Court OKs Barring High IQs for Cops
N E W L O N D O N, Conn., Sept. 8, 2000 -- A man whose bid to become a police officer was rejected after he scored too high on an intelligence test has lost an appeal in his federal lawsuit against the city.
The 2nd U.S. Circuit Court of Appeals in New York upheld a lower court’s decision that the city did not discriminate against Robert Jordan because the same standards were applied to everyone who took the test.
“This kind of puts an official face on discrimination in America against people of a certain class,” Jordan said today from his Waterford home. “I maintain you have no more control over your basic intelligence than your eye color or your gender or anything else.”
He said he does not plan to take any further legal action.
Jordan, a 49-year-old college graduate, took the exam in 1996 and scored 33 points, the equivalent of an IQ of 125. But New London police interviewed only candidates who scored 20 to 27, on the theory that those who scored too high could get bored with police work and leave soon after undergoing costly training.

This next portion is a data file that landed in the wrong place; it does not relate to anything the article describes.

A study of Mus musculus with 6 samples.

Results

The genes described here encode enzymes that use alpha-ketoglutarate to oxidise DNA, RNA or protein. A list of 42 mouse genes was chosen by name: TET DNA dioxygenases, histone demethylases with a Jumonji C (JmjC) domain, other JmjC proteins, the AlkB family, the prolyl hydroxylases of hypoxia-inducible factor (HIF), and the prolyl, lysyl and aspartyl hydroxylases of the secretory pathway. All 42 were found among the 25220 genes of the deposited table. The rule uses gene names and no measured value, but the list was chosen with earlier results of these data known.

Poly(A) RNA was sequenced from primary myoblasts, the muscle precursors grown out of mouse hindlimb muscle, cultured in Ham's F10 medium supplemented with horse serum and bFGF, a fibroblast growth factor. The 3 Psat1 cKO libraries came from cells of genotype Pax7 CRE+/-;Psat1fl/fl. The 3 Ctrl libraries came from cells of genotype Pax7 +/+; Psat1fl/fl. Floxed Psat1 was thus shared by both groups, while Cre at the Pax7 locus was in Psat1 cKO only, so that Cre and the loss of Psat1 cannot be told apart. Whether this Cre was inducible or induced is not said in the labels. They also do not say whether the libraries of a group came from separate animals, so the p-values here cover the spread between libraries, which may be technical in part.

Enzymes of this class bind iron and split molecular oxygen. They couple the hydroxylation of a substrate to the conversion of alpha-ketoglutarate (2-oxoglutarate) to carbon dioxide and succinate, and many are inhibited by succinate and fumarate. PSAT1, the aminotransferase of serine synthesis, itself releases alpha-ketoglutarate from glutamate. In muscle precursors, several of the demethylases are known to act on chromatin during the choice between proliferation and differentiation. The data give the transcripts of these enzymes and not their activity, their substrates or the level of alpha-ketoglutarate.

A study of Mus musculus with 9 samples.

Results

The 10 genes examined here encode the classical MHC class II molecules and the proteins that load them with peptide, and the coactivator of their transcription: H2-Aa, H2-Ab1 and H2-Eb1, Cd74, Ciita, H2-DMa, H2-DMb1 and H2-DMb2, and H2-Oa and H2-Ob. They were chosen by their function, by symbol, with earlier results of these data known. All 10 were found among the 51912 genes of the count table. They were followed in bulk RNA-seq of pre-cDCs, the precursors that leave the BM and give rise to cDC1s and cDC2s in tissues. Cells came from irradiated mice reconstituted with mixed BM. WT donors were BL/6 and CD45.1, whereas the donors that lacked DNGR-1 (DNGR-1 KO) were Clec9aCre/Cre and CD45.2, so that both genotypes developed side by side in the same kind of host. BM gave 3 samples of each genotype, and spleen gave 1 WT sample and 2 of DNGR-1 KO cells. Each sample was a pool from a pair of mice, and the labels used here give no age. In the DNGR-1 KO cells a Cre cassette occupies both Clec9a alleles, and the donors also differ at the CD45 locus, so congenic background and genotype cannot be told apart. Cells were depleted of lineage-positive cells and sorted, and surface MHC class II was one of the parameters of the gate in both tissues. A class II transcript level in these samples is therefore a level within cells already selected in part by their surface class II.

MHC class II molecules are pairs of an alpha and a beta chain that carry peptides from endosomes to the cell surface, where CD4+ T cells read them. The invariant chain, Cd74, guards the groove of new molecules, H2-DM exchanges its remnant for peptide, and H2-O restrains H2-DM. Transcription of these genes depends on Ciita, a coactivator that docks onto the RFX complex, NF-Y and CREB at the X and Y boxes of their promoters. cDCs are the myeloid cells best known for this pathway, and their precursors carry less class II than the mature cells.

Most Cops Just Above Normal The average score nationally for police officers is 21 to 22, the equivalent of an IQ of 104, or just a little above average.
Jordan alleged his rejection from the police force was discrimination. He sued the city, saying his civil rights were violated because he was denied equal protection under the law.
But the U.S. District Court found that New London had “shown a rational basis for the policy.” In a ruling dated Aug. 23, the 2nd Circuit agreed. The court said the policy might be unwise but was a rational way to reduce job turnover.
Jordan has worked as a prison guard since he took the test.